U.S. carriers shell out about $109 in capital expenditures per citizen annually, according to a new report from Recon Analytics. 

Roger Entner, founder of Recon Analytics, said in a report that AT&T's efforts to improve the quality of its network resulted in record spending among the four U.S. carriers. Enter notes that in 2013, AT&T spent roughly $11.5 billion on network improvements, while Verizon Wireless spent another $9.75 billion improving its network. 

"Let me put this into context: AT&T and Verizon together spent more money improving their networks in 2013 than all 20 operators serving the five largest EU countries (EU5) combined," Enter said. "Once we add the capital expenditure of Sprint and T-Mobile, which both spent more on network improvements last year than they had in previous years, US operators spent more than twice as much as the EU5 operators did to improve their infrastructure covering roughly the same number of subscribers."

The report found that even after adding all 98 operators active in the EU together, their combined capital expenditures are only 80 percent of what the US operators are investing.

According to Entner, U.S. wireless carriers spent roughly $109.58 per US citizen to upgrade wireless infrastructure in 2013, whereas the EU5 carriers that serve the more affluent European countries spent significantly less, at roughly $52.64 per citizen.  

"Whether you look at the investment numbers on their own or in comparison with what non-US wireless companies are spending, America's wireless companies appear to be at the upper bounds of investing in infrastructure," Enter said, adding that the research is important as it relates to the FCC's upcoming spectrum auctions and its plans to break up AWS-3 airwaves into narrower channels, which are more expensive to deploy services on.  

"So, with US wireless carriers at the upper bounds of investing in infrastructure, is it reasonable to assume that they will spend even more money to deploy small channel networks that are slower and less efficient? Most investors will tell you that that is not a tenable outcome," Enter said.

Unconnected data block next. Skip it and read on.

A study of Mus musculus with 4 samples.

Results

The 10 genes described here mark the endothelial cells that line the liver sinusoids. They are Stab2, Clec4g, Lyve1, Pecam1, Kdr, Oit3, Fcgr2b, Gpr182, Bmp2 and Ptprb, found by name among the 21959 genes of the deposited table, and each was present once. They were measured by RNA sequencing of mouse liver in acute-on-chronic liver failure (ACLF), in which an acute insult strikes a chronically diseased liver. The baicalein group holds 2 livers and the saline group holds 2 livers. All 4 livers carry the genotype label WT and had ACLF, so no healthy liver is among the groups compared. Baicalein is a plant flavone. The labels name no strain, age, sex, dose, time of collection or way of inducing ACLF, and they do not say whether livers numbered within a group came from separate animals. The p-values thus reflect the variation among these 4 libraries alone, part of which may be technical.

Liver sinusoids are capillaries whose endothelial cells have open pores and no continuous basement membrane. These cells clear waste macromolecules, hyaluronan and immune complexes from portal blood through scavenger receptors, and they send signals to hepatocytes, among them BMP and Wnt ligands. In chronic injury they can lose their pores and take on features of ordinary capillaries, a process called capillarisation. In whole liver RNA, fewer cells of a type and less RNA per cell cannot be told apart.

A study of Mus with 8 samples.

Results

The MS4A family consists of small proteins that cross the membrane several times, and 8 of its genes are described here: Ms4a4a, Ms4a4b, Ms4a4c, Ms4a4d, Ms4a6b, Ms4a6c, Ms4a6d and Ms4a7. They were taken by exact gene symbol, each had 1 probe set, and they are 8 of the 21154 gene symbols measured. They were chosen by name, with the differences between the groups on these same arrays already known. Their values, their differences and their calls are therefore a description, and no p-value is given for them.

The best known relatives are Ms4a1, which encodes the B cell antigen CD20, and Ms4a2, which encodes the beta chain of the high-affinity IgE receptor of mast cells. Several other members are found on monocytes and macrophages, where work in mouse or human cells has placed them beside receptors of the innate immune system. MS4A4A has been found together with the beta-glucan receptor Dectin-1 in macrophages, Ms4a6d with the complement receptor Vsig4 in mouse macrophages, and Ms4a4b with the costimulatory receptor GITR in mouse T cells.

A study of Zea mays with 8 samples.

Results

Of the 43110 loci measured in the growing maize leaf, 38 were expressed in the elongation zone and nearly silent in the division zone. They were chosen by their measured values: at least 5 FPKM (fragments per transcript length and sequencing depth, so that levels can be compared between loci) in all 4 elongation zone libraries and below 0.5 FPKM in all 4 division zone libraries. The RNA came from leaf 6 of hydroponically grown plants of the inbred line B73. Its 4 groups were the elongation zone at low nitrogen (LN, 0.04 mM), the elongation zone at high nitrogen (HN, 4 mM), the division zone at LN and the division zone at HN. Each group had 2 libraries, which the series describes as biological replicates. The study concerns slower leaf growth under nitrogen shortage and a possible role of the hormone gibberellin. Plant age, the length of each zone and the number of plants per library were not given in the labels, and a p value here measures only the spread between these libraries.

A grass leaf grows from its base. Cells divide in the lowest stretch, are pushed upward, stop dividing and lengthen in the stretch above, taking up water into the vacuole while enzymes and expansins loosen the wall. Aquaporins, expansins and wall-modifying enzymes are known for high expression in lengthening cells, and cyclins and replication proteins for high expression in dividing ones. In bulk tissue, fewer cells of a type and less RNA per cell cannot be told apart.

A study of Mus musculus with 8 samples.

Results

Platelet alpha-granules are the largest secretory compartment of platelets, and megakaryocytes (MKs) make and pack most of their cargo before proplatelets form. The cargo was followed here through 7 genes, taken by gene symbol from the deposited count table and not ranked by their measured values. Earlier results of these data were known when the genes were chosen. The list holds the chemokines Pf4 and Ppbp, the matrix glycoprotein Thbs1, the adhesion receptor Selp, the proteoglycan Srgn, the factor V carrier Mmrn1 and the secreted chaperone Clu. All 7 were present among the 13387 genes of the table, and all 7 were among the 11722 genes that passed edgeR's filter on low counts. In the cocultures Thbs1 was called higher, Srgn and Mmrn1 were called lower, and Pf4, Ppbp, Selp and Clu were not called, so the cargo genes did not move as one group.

Enter noted that while carrier aggregation (CA) may help carriers deal with narrower swaths of disparate spectrum, CA is a new technology with unknown overhead costs when compared to deploying on broad, contiguous swaths of spectrum like those held by Sprint and to some extent T-Mobile. 

"None of the vendors working on carrier aggregation technology are willing to publicly state how much the overhead will be," Enter said. "That's not a good omen. Compounding the issue is the fact that the appetite for carrier aggregation technologies has waned because European carriers have moved to wider channelizations, receiving 20x20 MHz licenses in their last spectrum auctions."

Enter said he doubts the FCC was deliberately trying to impede the efficient deployment of high-speed wireless broadband with its allocation decisions, but that it may very well have done just that. 

"The simple laws of physics (smaller spectrum channels + (higher traffic volumes * more users) = slower network speeds) combined with economic realities (US companies are already at the upper bounds of capital expenditures to build out wireless networks) portend a slower future for America's wireless subscribers," Enter concluded.